Cautious Optimism For CA Sports Betting After Seminole Ruling In Florida

Written By Cheryl Coward on July 18, 2023
Seminole ruling gives optimism for sports betting in CA

It was clear in the aftermath of the 2022 election that a path to legal sports wagering in California isn’t possible without the support of the state’s casino-owning Native American tribes.

With two failed sports betting ballot initiatives in the rear-view mirror, fast forward to July 2023.

Once again, there is hope that sports betting in California could come sooner rather than later — sooner being within a decade. This rose-colored-yet-cautious outlook stems from a recent victory handed to the Seminole Tribe of Florida in the DC Circuit of Appeals. That court overturned a 2021 decision that halted sports betting in the Sunshine State.

Background on the Seminole Tribe case

For one month in 2021, Floridians enjoyed sports wagering because of a new 30-year compact between the state and the Seminoles. However, two non-tribal operators, the owners of the Magic City Casino in Miami and the Bonita Springs Poker Room, successfully sued to block the compact. Sports betting in Florida ended abruptly.

The two plaintiffs argued the compact violated the federal Indian Gaming Regulatory Act (IGRA) because it allowed sports betting to take place outside of tribal lands. The Seminoles argued that this was not accurate since the computer servers hosting the sports betting technology for the tribe’s Hard Rock Sportsbook app and its casinos around the state resided on tribal land.

Last month’s court decision overruled the 2021 verdict, determining that it was invalid and made in error. And in an interesting twist, Magic City changed ownership. Its new owners are the Alabama-based Poarch Band of Creek Indians.

So, what does the Seminole Tribe decision mean for California?

Path to tribal-owned legal sports betting in California?

The California Nations Indian Gaming Association (CNIGA) and other federally recognized tribes played a minor role in helping overturn the ban on sports betting in Florida.

The groups filed Amicus “friend-of-the-court” briefs in support of the Seminole appeal to the 2021 ruling. They argued the ban threatened to exclude tribes from the sports betting market and the “ability to achieve the goals of tribal self-sufficiency and self-governance” intended by the IGRA.

“I think this was a really impactful decision for both the Seminoles and Indian Country,” Jacob Mejia, vice president of public and external affairs for the Pechanga Development Corp, said to PlayUSA of the new ruling. “It affirms the rights of tribes and the state to enter into IGRA-centric compacts that not only address IGRA issues but also issues of online gaming.”

While the tribe-backed retail sports betting proposition on last November’s ballot failed, it garnered more support than the online sports betting measure sponsored by out-of-state operators including DraftKings, FanDuel and BetMGM. DraftKings CEO Jason Robbins admitted after the election that tribal opposition was insurmountable. Some tribe representatives have made it clear they believe sports betting will only become legal in the state if the tribes are in control.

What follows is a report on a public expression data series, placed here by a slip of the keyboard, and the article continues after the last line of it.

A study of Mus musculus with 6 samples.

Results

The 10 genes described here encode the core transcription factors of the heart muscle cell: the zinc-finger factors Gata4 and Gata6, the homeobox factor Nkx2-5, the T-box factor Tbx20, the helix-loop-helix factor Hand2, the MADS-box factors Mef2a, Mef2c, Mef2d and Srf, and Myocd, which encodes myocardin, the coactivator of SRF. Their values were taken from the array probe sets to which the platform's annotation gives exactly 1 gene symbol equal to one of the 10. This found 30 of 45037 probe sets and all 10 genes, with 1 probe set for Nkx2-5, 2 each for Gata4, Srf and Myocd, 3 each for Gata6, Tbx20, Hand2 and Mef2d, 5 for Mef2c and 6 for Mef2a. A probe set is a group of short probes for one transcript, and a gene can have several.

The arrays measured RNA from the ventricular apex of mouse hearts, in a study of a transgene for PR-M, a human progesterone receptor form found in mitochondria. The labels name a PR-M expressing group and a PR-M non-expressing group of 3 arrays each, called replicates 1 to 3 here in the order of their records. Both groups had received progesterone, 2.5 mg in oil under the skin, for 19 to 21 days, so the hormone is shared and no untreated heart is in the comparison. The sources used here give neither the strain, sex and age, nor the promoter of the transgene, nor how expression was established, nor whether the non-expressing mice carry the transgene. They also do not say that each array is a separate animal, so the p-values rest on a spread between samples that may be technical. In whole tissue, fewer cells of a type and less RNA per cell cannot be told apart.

The Seminole Tribe’s hub-and-spoke model as a template

Looking at the Seminole Tribe’s approach to sports betting, California tribes could try to model that “hub-and-spoke” model.

Tribal-owned sportsbooks would serve as the central hub for distributed sports betting offerings at retail locations and online. However, getting another proposition on the ballot for 2024 is unlikely unless tribes dish out big bucks to finance a massive signature-gathering effort.

The deadline to file a petition for an initiative is next month. The state attorney general must approve the language for the initiative and clear it for signature gathering. The tribes would need to gather 874,641 signatures within 180 days.

An initiative for 2026 is a more realistic approach. Furthermore, the blanketing of negative ads on TV and in print mailers for the failed 2022 initiatives left a poor impression on voters and may still linger in their minds.

“One thing about last year is it really seemed to sour the appetite for sports wagering in California,” Dan Little, chief intergovernmental affairs officer for San Manuel Band of Missions Indians, told PlayUSA.

Even with the positive outcome for the Seminoles in Florida, he is not expecting a 2024 effort.

“Our polling continues to show there’s just not support for online sports wagering or any sports wagering in California right now,” Little said. “So, I don’t think it changes anything for ’24.”

Photo by Shutterstock

Cheryl Coward is a contributor for PlayCA with a background in sports journalism. She started her career as a news reporter in Washington, DC. She’s a die-hard women’s basketball fanatic and founded the website as a result of that passion. She has extensive experience covering gambling and sports betting in California, including coverage of the Prop 26 vs. Prop 27 election battle.